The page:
Investors were reminded of something this week as tech earnings poured in: It's a stock picker's market right now.
What does that even mean? It means that companies logging strong results are getting rewarded by investors. Those that are not posting good results are getting hammered. So do your homework, and pick correctly.
Examples of this were abundant during the week.
PepsiCo's (PEP) earnings were more impressive than Coke’s (KO), and its stock was rewarded accordingly. Amazon (AMZN) called out weakness in its cloud services in April, and investors dumped the stock.
I suspect this stock picker's market narrative will continue next week too. Cheers to an AI-filled Apple (AAPL) earnings call on May 4!
Amazon said AWS net sales grew by about 11% in April. That marks a deceleration from 16% in the first quarter.
Snap called out a 6% year-over-year revenue decline for the second quarter. Meta guided to about 7% sales growth in the second quarter.
Meta ended the first quarter with 77,100 employees, down 11% quarter over quarter.
Bed Bath & Beyond stock is slated to get delisted on May 3 in the wake of its bankruptcy filing.
Tesla stock is down by 16% in the past month on post-earnings profit margin concerns.
Earnings call vibes
"The uncertain economic environment and ongoing inflationary pressures continue to be a factor, and we believe it's continuing to drive cautious spending across consumers," Amazon CFO Brian Olsavsky said. "This means our customers are looking to stretch their budgets further and are focused on value. We saw some moderated spending on discretionary categories as well as shift to lower-priced items and healthy demand in everyday essentials, such as consumables and beauty."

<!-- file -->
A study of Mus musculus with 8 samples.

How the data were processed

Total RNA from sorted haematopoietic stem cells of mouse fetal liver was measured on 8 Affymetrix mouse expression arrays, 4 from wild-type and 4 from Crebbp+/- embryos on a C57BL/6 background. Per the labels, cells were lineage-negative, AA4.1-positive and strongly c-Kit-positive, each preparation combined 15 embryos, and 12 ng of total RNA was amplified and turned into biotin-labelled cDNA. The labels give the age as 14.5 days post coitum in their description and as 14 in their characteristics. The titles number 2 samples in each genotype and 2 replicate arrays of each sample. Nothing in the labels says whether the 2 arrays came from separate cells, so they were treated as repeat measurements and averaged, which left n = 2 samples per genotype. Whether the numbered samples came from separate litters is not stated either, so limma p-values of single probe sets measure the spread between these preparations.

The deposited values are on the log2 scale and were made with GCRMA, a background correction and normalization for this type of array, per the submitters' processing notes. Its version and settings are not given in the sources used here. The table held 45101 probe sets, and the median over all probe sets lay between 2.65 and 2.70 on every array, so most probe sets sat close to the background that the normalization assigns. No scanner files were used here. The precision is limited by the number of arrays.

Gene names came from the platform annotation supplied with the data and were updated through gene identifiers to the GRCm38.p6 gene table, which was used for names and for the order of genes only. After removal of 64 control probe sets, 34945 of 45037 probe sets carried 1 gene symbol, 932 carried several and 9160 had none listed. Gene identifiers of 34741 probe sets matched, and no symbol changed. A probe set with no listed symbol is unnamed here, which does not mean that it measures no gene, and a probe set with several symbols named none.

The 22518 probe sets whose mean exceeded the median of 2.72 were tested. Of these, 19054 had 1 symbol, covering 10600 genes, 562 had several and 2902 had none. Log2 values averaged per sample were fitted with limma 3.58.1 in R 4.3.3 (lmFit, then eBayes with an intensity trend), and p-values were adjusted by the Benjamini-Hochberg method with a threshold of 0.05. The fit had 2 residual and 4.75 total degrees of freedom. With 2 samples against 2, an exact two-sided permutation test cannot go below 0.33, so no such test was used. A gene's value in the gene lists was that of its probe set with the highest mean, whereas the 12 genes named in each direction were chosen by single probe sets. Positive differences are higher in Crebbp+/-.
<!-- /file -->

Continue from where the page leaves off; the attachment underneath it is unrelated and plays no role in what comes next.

"So far, we've gone through two of the three waves of restructuring and layoffs that we have planned for this year in our recruiting and our technical groups," Meta CEO Mark Zuckerberg said. "In May, we're going to carry out our third wave across our business groups. And this has been a difficult process, but after this is done, I think we're going to have a much more stable environment for our employees."
"We do see some of the pressures that give us reason to believe that our view on the macro outlook is accurate," McDonald's CEO Chris Kempczinski said. "One, we are seeing a slight decrease in units per transaction. So things like did someone add fries to their order? How many items are they buying per order? We're seeing that go down in most of our markets around the world slightly, but it's still going down."
"And then the other thing is we continue to monitor very closely the acceptance of our pricing," Kempczinski added. "I'm really proud of how our system has executed pricing in light of the double-digit inflation that we have been experiencing. But we are seeing in some places resistance to pricing, more resistance than we saw at the outset. So I think all of those things are reflective of again, a more challenging macro environment."
Chart of the Week
In search of a good quarter and a sales bottom for Snap, here's a chart from Jefferies tech analyst Brent Thill.